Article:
According to influencer-founded skin-care brand Summer Fridays, summer Fridays stuck-at-home calls for comfort-inducing lifestyle collaborations.

Summer Fridays worked with California-based Sweet Laurel Bakery on a cake inspired by its Jet Lag face mask, which was available for customers to purchase on SweetLaurel.com between July 19 and July 25. In August, it began collaboration with Craig’s Vegan, available through Postmates (people can purchase a Jet Lag-inspired ice cream called Vanilla Cloud, which comes with a mini mask). At the same time, it offered a co-branded limited edition collage kit and photo filter through influencer Tezza Barton’s e-commerce website ShopTezza.com. Summer Fridays, known for its hero product Jet Lag Mask, has five products in its portfolio, including a chemical exfoliate that launches Wednesday.

Food and lifestyle collaborations are not unusual or even particularly new for beauty brands. But social distancing requirements mean in-real-life events are abandoned for the foreseeable future, so beauty brands are turning to food collabs in an effort to share what their brand evokes while under coronavirus constraints. Historically, 3-year-old Summer Fridays has relied on IRL activations, such as setting up an Instagrammable phone booth filled with flowers in Los Angeles in Feb. 2019, in order to share its brand concept and build social media buzz.

“We were really big on community events pre-Covid-19, often with small groups of local and micro-influencers and customers, where we got to meet new people in real life,” said Marianna Hewitt, Summer Fridays co-founder. “Because we couldn’t do that anymore, we had to shift [our strategy]. We love the idea that you can visibly see the brand with these new collaborations.”

At the onset of quarantine in April, Summer Fridays launched a tie-dye loungewear set, which Hewitt said was an idea based on what both she and co-founder Lauren Gores-Ireland wanted in that moment and which sold in four minutes. She declined to say how many units were offered. With Sweet Laurel and Craig’s ice cream, the brand wanted to share its clean vegan skincare messaging with the “summer Fridays feeling” of having ice cream and treats.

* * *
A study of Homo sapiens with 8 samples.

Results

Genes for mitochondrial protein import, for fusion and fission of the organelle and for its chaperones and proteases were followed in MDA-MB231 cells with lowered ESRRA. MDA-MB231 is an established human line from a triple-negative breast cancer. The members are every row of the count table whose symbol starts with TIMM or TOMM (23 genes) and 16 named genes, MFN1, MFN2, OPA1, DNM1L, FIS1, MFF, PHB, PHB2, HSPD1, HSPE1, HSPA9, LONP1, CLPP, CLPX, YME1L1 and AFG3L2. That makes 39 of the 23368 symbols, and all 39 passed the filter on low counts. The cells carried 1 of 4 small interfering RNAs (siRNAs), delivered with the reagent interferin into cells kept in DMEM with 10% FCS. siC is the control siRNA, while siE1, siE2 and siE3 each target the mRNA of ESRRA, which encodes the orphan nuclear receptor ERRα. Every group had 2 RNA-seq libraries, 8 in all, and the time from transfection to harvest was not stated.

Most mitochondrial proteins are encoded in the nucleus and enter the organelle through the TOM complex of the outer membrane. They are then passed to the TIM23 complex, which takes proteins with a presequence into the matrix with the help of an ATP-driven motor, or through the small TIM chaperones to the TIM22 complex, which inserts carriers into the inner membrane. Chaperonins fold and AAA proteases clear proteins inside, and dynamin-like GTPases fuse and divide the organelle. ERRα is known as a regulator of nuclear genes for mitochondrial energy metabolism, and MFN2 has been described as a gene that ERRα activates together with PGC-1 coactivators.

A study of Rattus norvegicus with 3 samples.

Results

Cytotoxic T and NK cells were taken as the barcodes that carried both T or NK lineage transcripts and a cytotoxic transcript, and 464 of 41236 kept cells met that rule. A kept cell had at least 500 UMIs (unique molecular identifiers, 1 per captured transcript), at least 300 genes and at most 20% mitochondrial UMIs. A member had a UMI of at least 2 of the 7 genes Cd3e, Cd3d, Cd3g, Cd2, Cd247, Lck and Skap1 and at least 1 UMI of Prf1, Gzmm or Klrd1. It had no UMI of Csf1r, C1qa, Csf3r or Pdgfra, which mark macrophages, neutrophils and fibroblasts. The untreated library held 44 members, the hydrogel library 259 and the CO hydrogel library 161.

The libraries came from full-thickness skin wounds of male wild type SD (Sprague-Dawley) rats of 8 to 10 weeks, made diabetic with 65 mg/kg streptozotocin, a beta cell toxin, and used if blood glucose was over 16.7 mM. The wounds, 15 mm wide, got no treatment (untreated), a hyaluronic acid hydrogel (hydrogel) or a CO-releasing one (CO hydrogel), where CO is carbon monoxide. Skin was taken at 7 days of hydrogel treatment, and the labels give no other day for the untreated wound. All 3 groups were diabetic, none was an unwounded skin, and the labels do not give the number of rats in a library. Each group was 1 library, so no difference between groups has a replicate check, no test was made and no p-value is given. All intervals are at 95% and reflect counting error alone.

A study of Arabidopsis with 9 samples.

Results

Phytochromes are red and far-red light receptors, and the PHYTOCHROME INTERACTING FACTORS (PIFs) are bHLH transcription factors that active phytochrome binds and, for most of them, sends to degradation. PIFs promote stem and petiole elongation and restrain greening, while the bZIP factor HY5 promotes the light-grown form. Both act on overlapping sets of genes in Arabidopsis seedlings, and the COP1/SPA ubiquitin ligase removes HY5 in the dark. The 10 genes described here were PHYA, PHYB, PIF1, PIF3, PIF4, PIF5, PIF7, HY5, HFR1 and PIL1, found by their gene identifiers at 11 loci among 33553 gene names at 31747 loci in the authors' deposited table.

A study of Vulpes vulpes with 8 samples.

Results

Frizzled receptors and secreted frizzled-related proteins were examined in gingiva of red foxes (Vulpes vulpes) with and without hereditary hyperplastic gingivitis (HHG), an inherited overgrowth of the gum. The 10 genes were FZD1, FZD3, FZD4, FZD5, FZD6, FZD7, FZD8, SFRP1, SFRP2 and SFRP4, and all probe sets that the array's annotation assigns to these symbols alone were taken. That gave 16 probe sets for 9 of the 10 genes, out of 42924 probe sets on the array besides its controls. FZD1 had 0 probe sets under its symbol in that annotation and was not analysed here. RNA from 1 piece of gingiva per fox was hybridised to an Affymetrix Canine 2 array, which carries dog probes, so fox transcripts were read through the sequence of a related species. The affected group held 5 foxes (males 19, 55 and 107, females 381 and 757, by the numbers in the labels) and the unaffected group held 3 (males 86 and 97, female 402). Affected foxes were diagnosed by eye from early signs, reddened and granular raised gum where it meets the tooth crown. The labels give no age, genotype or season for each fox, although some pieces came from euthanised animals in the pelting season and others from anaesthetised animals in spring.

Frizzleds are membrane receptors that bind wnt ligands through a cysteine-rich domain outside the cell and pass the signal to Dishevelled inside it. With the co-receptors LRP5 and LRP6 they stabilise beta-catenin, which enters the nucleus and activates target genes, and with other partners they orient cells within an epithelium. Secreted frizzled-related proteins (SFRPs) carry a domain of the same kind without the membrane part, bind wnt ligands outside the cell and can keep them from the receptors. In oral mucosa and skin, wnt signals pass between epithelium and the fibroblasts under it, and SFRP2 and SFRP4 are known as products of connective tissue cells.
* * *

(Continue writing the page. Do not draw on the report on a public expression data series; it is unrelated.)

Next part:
According to Summer Fridays, the Sweet Laurel collaboration earned the brand 11.5 million content impressions (as measured through posts, likes, comments and shares) and more than $550,000 in earned media value. The tie-dye sweats, meanwhile, saw $420,000 in earned media value. The founders declined to provide any sales or growth information. Summer Fridays received undisclosed outside funding in Aug. 2019 from Prelude Growth Partners, a private equity firm. It is sold in Sephora U.S. and Canada, Mecca in Australia, and Selfridges in the U.K.

The brand is digital-first and people know it for its Instagram aesthetic, so the Tezza collaboration is meant to allow people to replicate that on their own social posts through the filter. Meanwhile, the physical collage kit, which comes with 150 photos of various sunny places and moments, allows people to import the Summer Fridays aesthetic within their personal physical environment.

Gores-Ireland indicated that the current strategy will play a long-term role in how Summer Fridays approaches its branding.

“The brand’s messaging overall and the culture online have really prioritized self-care,” said Gores-Ireland. “Self-care was always important, but now that people are home, not traveling and not at the office, there is a new way of prioritizing time for yourself and taking care of yourself.”